If Rob had, for example, set the roll parameters for the MAAM-SIM DC-3 so that the roll-rate was exactly as it is in reality, then flying their virtual version of the DC-3 would have given you the sense that the aircraft weighted 1/3 to ½ less than it really does. It is Rob’s ability to compromise the numbers, to further enhance the virtual feel of whatever FS aircraft he is designing the airfile for, which is why his airfiles are so often superior to what others have designed.
In addition, Rob has also designed the MAAM-SIM DC-3 so that it taxies very realistic as well, which is not an easy task to accomplish I might add. Most are not aware that years ago, with the earliest versions of Flight Simulator, Microsoft had included two airfiles, one for while the aircraft was in flight and another for when the aircraft was on the ground, but the second airfile was deleted with the introduction of FS98 I believe. Compromising the airfile for when in flight, to improve an FS aircraft’s taxiing characteristics is something that simply isn’t done, but there are some tricks the masters of airfile programming can do to improve the quality or feel of an aircraft while in the taxi mode, without having a noticeable affect on the aircraft’s flight characteristics. The MAAM-SIM DC-3 exhibits very realistic taxi characteristics, yet the aircraft flies exactly as I expected, and considering my past experience with Rob Young designed airfiles, I wasn’t surprised.
In the real-world, taxiing the DC-3 is a matter of differential braking or differential engine power to complete a turn, as the tail-wheel is castored to swing 360º, and the MAAM-SIM DC-3 needs to be controlled in the same manner as its real-world counterpart, a task I found easy to execute with my twist grip flight yoke. Those of you using floor mounted rudder pedals and dual throttle levers will have the advantage of being able to use either differential braking or engine power or a combination of the two to complete a turn, while I am limited to differential braking, but regardless I found that the MAAM-SIM DC-3 taxies very easily and realistically with my Saitek 3D Cyborg Gold joystick.
Sounds and Special Features
The MAAM-SIM group could have just aliased the sounds to the default DC-3, but regardless, the MAAM-SIM R4D-6/DC-3 includes custom sounds, sounds I personally found to be really terrific, and the disc contains special added value by their having included the freeware scenery package for the Reading Regional-Spaatz airport. The airport scenery is very accurate and very realistic as each of the buildings depicted have photo-realistic texturing and the area around the museum is exactly as I remember. Even the marquee in front of the Mid-Atlantic Air Museum reflects that it was the location for the 2003 AVSIM convention, which is the reason for my reference of how I remember it. By setting your com/nav radio to a specific frequency, the main doors of the MAAM hanger will either open or close and the scenery package includes AFCAD2 files as well as landclass file for the surrounding area of Reading, PA. The quality of the included scenery package is very good, even considering it was originally intended as a freeware add-on and is freely available from the AVSIM library.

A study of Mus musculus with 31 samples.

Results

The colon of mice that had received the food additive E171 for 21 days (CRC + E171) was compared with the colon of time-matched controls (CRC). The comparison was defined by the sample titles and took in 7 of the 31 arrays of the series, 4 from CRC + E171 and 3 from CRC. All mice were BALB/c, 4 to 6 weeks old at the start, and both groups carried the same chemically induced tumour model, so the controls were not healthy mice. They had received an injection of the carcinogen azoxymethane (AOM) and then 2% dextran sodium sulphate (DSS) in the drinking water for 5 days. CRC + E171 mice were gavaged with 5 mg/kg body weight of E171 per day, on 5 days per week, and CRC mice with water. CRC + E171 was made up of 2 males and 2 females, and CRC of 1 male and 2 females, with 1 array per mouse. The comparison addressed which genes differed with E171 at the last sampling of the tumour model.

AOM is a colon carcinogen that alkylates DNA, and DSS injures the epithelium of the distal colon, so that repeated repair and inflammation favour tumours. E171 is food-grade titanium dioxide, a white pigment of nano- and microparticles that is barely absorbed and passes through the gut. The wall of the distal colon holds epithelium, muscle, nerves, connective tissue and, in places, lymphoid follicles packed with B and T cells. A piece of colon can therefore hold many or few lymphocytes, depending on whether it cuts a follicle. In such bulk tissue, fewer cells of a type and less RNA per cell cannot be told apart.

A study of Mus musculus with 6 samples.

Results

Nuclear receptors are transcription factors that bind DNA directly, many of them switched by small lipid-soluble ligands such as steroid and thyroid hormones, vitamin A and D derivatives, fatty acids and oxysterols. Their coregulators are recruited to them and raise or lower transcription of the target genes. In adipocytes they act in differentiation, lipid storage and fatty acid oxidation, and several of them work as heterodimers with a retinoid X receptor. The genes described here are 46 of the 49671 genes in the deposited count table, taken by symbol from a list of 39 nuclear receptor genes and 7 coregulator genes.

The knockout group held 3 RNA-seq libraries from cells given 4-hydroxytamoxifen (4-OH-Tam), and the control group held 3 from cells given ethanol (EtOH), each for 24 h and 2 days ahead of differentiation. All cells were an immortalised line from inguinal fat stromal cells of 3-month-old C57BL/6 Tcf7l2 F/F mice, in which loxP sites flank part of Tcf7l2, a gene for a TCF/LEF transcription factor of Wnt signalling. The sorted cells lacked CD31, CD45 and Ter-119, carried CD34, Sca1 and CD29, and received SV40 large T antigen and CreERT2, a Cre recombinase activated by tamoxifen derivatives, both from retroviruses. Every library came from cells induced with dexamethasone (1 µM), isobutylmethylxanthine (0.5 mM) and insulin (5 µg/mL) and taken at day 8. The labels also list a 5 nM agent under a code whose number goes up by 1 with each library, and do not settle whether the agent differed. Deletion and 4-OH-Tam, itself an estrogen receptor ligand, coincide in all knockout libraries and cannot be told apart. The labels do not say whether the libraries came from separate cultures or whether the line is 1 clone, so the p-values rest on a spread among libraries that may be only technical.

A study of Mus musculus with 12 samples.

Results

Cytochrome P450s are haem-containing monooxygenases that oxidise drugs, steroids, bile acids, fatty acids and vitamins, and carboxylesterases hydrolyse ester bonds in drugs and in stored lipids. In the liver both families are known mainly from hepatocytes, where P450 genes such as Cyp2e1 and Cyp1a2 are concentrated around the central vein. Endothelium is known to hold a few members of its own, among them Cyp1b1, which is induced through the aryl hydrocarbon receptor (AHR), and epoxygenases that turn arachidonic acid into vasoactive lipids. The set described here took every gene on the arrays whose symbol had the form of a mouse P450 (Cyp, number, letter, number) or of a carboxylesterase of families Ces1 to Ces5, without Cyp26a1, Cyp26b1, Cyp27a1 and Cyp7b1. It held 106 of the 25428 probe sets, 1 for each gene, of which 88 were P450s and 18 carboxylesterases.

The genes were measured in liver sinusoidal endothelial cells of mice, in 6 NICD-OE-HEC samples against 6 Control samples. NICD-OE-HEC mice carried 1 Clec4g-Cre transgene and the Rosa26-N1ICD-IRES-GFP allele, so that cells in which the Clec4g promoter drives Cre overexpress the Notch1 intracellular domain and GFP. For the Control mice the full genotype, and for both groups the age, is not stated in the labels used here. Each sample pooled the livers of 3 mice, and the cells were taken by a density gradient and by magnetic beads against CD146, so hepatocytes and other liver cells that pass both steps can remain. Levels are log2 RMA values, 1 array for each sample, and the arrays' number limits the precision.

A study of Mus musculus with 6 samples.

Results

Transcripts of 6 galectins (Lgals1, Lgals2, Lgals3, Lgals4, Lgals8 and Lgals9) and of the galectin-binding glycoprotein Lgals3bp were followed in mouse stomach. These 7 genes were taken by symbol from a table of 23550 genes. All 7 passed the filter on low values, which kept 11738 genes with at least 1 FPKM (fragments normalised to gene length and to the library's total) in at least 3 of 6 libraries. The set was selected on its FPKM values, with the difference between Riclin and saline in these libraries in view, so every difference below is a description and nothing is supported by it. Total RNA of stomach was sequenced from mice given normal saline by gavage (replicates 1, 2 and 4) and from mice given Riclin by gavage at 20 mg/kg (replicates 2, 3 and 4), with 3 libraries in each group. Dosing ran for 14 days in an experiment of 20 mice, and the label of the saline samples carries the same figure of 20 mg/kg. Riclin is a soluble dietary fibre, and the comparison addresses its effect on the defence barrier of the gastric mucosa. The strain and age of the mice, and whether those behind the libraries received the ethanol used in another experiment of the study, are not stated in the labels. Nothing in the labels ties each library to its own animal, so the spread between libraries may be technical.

With the included scenery (also available from the AVSIM library as freeware) you can, by selecting a specific frequency on your NAV radio open or close the hanger doors at the Mid-Atlantic Air Museum.
All of the buildings in the Reading Muni airport scenery use photorealistic texturing and they are easy on frame-rates, yet are highly authentic in their appearance.
With the land-class file included with the scenery package, the Reading Muni airport blends in quite realistically with the surrounding area.
The Mid-Atlantic Air Museum was also home to the 2003 AVSIM Convention.
The airport scenery includes several accurately textured buildings and-or
The airport scenery includes night-lighting and seasonal textures.